Looking perhaps for one of his own in the airport bookstore, De Botton gives a pretty spot-on characterization of the books he writes as:
the sort of books in which a genial voice expresses emotions that the reader has long felt but never before really understood; those that convey the secret, everyday things that society at large prefers to leave unsaid; those that make one feel somehow less alone and strange (59).
Good design is humanistic design:
However, few users seemed capable of producing the precise line-up of cards and codes demanded by the computers, which responded to the slightest infraction with sudden and intemperate error messages–making one long for a return to the surliest of humans, from whom there always remains at least a theoretical possibility of understanding and forgiveness (28).
Something that makes me love De Botton is his ability to make the most everyday considerations seem deeply important. Read what he does with that most banal of corporate clichés, “human resources”:
However skillfully designed its incentive structure, the airline could in the end do very little to guarantee that its staff could actually add to their dealings with customers that almost imperceptible measure of goodwill which elevates service from mere efficiency to tangible warmth…the airline’s survival depended upon qualities that the company itself could not produce or control, and was not even, strictly speaking, paying for. The real origins of these qualities lay not in training courses or employee benefits but, for example, in the loving atmosphere that had reigned a quarter of a century earlier in a house in Cheshire, where two parents had brought up a future staff member with benevolence and humor–all so that today, without any thanks being given to those parents (a category deserving to be generally known as the true Human Resources department of global capitalism), he would have both the will and the wherewithal to reassure an anxious student on her way to the ate to catch BA048 to Philadelphia (32-33).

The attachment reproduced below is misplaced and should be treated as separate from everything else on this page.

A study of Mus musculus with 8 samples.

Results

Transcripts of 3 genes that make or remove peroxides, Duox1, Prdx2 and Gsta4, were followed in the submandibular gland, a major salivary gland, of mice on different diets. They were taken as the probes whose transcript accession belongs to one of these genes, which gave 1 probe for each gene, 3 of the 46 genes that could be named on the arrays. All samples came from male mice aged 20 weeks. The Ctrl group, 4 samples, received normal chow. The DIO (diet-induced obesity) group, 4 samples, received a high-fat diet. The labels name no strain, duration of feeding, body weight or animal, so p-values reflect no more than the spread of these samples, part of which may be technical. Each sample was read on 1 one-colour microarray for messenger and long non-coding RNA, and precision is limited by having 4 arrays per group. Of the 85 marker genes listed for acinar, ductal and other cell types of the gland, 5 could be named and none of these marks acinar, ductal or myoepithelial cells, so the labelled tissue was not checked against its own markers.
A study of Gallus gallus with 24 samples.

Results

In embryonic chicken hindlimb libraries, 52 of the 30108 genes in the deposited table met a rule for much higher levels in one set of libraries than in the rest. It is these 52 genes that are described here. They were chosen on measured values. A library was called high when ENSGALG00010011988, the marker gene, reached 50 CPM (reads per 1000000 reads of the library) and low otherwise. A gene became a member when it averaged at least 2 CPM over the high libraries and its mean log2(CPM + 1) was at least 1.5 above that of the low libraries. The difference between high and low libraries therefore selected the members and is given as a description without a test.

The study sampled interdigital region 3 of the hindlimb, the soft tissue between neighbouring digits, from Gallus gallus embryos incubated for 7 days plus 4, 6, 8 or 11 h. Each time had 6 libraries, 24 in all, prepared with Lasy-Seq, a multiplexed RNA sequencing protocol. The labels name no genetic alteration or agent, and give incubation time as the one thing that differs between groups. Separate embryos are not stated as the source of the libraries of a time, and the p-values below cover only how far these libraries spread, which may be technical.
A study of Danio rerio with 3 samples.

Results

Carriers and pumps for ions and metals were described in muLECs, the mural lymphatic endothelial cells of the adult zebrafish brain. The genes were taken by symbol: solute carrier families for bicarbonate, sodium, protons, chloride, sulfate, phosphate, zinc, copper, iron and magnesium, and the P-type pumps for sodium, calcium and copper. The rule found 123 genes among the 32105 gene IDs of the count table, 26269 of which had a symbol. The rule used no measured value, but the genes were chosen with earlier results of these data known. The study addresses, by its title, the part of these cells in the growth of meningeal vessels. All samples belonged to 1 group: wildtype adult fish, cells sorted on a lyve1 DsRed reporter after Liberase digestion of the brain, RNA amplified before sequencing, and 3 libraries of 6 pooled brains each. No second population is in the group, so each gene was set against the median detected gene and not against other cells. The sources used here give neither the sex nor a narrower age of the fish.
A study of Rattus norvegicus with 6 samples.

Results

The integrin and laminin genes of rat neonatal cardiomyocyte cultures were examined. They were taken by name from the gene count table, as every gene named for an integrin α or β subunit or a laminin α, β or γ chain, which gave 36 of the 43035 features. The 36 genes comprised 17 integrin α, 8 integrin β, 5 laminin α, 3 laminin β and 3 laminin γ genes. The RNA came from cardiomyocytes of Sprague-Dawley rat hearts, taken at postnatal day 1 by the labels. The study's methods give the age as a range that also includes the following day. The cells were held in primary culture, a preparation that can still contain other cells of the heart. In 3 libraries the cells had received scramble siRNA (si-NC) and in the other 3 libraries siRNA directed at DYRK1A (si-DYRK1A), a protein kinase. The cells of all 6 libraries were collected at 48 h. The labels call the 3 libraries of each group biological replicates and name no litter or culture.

He even leans on Seneca to find some humanity, even sweetness, in our frustration:
The root cause of anger is hope. We are angry because we are overly optimistic, insufficiently prepared for the frustrations endemic to existence. A man who screams every time he loses his keys or is turned away at an airport is evincing a touching but recklessly naive belief in a world in which keys never go astray and our travel plans are invariably assured (33).
De Botton’s sense of humor relies in a consistent (but not stale) way on understatement:
British Airways did, it was true, maintain a desk manned by some unusually personable employees and adorned with the message: “We are here to help.” But the staff shied away from existential issues, seeming to restrict their insights to matters relating to the transit time to adjacent satellites and the location of the nearest toilets (40).
He ends the book on forgetting:
We forget everything: the books we read, the temples of Japan, the tombs of Luxor, the airline queues, our own foolishness. And so we gradually return to identifying happiness with elsewhere: twin rooms overlooking a harbour, a hilltop church boasting the remains of the Sicilian martyr St. Agatha, a palm-fringed bungalow with complimentary evening buffet service. We recover an appetite for packing, hoping and screaming. We will need to go back and learn the important lessons of the airport all over again soon (107).
It isn’t hard to see travel as an expression of our capricious discontent with our present situation. But if I understand De Botton correctly, the primary lesson of the airport is that no matter how far we may voyage, we can never escape ourselves.